Many books have been written identifying the mid-1970's as a turning point in baseball history. Marvin Miller and free agency turned the blue blood aristocracy on its' ear. The generation of authentic sluggers began to retire, and the pitching rules that took away some of the advantages to the defense were legislated out of the game.
Tom Adelman addresses this theme from a whole different perspective. Although the title "The Long Ball" seems, at first glance to be a misnomer, the author focusses on the the two teams that will be fated to share the World Series in 1975.
The Big Red Machine will move on to become a dynasty, with Pete Rose, Joe Morgan, Tony Perez and Dave Concepcion. But the Red Sox are a more interesting team. With "El Tiante", Luis Tiant, the Cuban born ace of the the staff, who would and could take a post game shower with a lit cigar in his mouth, Pudge Fisk, and Bill Lee, maybe the most quotably hilarious ballplayer to ever lace up the spikes, this group lends itself to reams of readable material.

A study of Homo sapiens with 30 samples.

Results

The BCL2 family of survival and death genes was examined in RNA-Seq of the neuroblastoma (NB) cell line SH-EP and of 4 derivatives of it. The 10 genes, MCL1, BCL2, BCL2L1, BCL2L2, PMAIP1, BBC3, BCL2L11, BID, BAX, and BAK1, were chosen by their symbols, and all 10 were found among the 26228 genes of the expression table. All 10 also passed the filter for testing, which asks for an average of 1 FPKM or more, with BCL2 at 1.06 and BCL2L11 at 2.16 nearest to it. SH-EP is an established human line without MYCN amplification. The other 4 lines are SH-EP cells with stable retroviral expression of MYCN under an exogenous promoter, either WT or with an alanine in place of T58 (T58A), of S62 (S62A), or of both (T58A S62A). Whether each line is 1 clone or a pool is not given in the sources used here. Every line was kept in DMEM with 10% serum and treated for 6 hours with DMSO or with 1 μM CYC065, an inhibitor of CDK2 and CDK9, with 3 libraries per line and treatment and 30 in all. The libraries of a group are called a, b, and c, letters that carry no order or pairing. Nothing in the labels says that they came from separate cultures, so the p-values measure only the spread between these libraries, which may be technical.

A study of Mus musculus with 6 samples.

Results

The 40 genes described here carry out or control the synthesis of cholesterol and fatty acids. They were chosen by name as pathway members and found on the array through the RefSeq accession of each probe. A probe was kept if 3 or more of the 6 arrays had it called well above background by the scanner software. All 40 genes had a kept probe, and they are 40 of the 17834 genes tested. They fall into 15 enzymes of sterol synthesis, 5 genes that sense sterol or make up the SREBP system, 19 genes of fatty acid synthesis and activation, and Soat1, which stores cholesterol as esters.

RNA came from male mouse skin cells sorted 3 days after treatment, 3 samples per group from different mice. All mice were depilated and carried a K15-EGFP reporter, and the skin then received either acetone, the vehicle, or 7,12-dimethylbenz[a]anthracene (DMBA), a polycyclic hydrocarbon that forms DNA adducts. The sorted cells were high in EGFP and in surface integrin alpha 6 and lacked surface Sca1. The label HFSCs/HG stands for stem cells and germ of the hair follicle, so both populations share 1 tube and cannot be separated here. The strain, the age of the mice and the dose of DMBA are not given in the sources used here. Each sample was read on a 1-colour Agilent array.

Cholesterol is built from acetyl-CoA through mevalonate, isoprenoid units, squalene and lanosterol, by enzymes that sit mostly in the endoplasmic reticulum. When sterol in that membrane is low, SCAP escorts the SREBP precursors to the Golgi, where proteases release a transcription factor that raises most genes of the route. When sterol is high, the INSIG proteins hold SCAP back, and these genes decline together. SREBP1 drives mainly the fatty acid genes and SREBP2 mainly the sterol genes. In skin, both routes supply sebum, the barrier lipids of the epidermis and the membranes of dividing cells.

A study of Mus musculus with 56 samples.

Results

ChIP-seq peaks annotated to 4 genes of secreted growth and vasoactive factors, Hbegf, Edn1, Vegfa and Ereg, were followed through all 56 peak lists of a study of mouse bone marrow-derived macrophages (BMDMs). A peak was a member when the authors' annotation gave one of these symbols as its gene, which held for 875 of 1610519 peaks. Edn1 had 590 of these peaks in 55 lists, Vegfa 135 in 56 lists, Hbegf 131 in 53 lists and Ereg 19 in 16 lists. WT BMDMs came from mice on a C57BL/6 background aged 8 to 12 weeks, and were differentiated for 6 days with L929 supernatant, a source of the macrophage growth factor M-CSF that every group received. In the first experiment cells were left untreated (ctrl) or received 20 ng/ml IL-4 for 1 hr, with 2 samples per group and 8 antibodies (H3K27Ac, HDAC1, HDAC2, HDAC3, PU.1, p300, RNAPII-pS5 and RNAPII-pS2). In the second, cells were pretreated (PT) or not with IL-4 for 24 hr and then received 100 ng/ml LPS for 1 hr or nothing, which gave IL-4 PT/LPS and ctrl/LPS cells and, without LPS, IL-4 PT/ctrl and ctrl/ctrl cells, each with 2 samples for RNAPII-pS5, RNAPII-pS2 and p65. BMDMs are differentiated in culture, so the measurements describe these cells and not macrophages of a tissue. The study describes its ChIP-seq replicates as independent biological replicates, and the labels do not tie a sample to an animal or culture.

But Tom Adelman does not stop here. He plumbs the history of the Yankees, and pulls Casy Stengel into this fine story, Billy Martin, as his disciple, and Yogi Berra, as another of his minions. No story about baseball in the 1970's can be complete without Charlie Finley. Love him or hate him, and there are those who move in either direction, he was a force to be reckoned with.
But it is the World Series, arguably the greatest ever, that comes to dominate this story. The drama, the personalities, and the strategy are a story that begged to be told.
Adelman often inserts subtle whimsical narrative into the baseball retelling. "Dave Chalk, the Angels second baseman was erased in the double play." I am sure newspapers have reported it this way numerous times, but it still made me chuckle.
An enjoyable, breezy, and somewhat profound take on baseball of a couple generations ago.